Scares regarding chemicals in plastic - bisphenol-A (BPA) and phthlates - are only the latest manifestation of a deeper problem. But the problem is not “our toxic environment” or the evils of industrial civilization. The problem is a pervasive unease and anxiety that feeds upon itself and searches for danger, at which point reason, along with common sense and skepticism, tend to be tossed aside.
Americans are bombarded with an array of warnings and reassurances, stop and go signals, regarding health, environmental hazards, and lifestyle. This deluge of unsettling and conflicting information has contributed to a climate of fear, which people respond to in a variety of ways, including denial, worried searches for reliable information, and crusading zeal to banish danger and uncertainty.
I suggest five factors contribute to the current culture-wide anxiety:
(1) We live in a rapidly changing society and world economy. Globalization, economic dislocation, job insecurity, new technologies, terrorism, and challenges to traditional values and beliefs lead all of us to scan the news for potential threats. The stresses of change and information overload lead some to irrational and counterproductive modes of thought. Snap judgments, and the search for villains and panaceas, may hamper our ability to make rational and practical choices.
(2) Our society must face and resolve some very real environmental and health problems. But we need to differentiate real and imaginary dangers.
(3) A big hurdle in trying to identify real dangers lies in the complexity of scientific research on health and environmental problems. We’re aware that we’re not experts, but don’t know what information is reliable.
(4) The media provide us with an abundance of information but create biases and distortions of their own. Bad news is big news. Good news is taken for granted. This makes it difficult to gain a balanced view of supposed threats.
(5) The emotional consequences of overload and uncertainty lend themselves to exploitation. Confused and frightened people are easy prey for quacks, crusading politicians, and agenda-driven activists.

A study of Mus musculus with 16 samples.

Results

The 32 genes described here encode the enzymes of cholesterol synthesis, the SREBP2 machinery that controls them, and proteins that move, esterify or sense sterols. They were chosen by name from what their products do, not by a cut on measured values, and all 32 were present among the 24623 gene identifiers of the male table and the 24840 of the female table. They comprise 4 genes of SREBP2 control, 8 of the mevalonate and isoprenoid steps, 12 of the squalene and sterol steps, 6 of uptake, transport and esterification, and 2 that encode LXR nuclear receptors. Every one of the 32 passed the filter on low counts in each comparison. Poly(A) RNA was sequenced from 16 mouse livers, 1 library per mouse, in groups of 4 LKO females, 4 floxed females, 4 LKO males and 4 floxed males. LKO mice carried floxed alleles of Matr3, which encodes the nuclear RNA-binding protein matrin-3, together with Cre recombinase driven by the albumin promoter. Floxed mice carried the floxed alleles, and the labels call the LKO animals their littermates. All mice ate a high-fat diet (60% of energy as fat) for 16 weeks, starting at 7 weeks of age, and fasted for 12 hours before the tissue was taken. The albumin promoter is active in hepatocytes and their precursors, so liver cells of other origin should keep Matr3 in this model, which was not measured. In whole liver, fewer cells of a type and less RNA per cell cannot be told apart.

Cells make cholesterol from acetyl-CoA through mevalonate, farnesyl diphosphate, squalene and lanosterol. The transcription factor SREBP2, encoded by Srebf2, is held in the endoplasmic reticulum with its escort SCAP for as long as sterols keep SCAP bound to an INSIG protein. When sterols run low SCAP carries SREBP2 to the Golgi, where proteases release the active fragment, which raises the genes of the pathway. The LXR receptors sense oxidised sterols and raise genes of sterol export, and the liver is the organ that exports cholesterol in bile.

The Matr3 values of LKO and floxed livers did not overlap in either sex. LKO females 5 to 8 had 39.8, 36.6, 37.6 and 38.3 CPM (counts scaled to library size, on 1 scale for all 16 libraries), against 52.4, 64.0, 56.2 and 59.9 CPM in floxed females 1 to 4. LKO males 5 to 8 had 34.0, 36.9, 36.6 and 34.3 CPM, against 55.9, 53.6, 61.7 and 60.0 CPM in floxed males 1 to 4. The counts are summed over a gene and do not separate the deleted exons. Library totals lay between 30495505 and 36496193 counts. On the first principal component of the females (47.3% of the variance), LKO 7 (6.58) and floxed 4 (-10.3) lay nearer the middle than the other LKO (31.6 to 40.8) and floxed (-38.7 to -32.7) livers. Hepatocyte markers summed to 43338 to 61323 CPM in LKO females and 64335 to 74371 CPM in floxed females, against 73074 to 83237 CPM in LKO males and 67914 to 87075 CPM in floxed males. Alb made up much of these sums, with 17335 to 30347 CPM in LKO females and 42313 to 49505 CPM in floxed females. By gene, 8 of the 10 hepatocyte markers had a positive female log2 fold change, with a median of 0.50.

Fear has its price. It exerts its negative effects through paralyzing our capacities for judgment and consideration of alternatives. For example, who can measure exactly the costs of disease, disability, suffering, heartbreak, and lost opportunity when a child falls ill to a disease preventable by a vaccine that parents refused because of unrealistic fears of the vaccine itself? And fear often increases demands for poorly thought-out policy, like a stampede resulting from someone shouting “Fire!” Fear - even disguised as a cautious desire to “err on the safe side” - can cost us heavily by leading us to reject valuable new technology, and chemicals with hard-to-pronounce names or rare but sensational risks.
Another all too common side effect of fear - one that makes it difficult to discuss problems - is the impulse to regard others as potential foes.
In scientific controversies, there will inevitably be disagreement. If “the other side” in such a disagreement is automatically vilified, there is little hope of recognizing that maybe, just maybe, there is a grain (or more) of truth in what they say.
In the case of the chemicals in plastic mentioned above, certain responses to scientific evidence showing there’s nothing to fear have become just about inevitable: How can we be sure? What if there’s a risk we haven’t detected? Why trust scientific authorities? Are corporations hiding the truth? Won’t someone think of the children who might be in danger?
These are natural questions. But they’re also the sort of responses that can turn just about any controversy, even one manufactured out of whole cloth, into cause for alarm. In such a climate it’s easy to forget that our life span, supposedly drenched with lethal danger, has increased hugely in the last 100 years, and that the incidence of many cancers and other environmentally sensitive diseases has decreased.
Science and technology contribute to making our world safer, easier to control, and in many ways more predictable. It’s time to let that fact sink into our troubled psyches.
Glenn Swogger Jr., M.D., is the retired director of the Center for Applied Behavioral Science at the Menninger Clinic and a trustee of the American Council on Science and Health See ACSH”.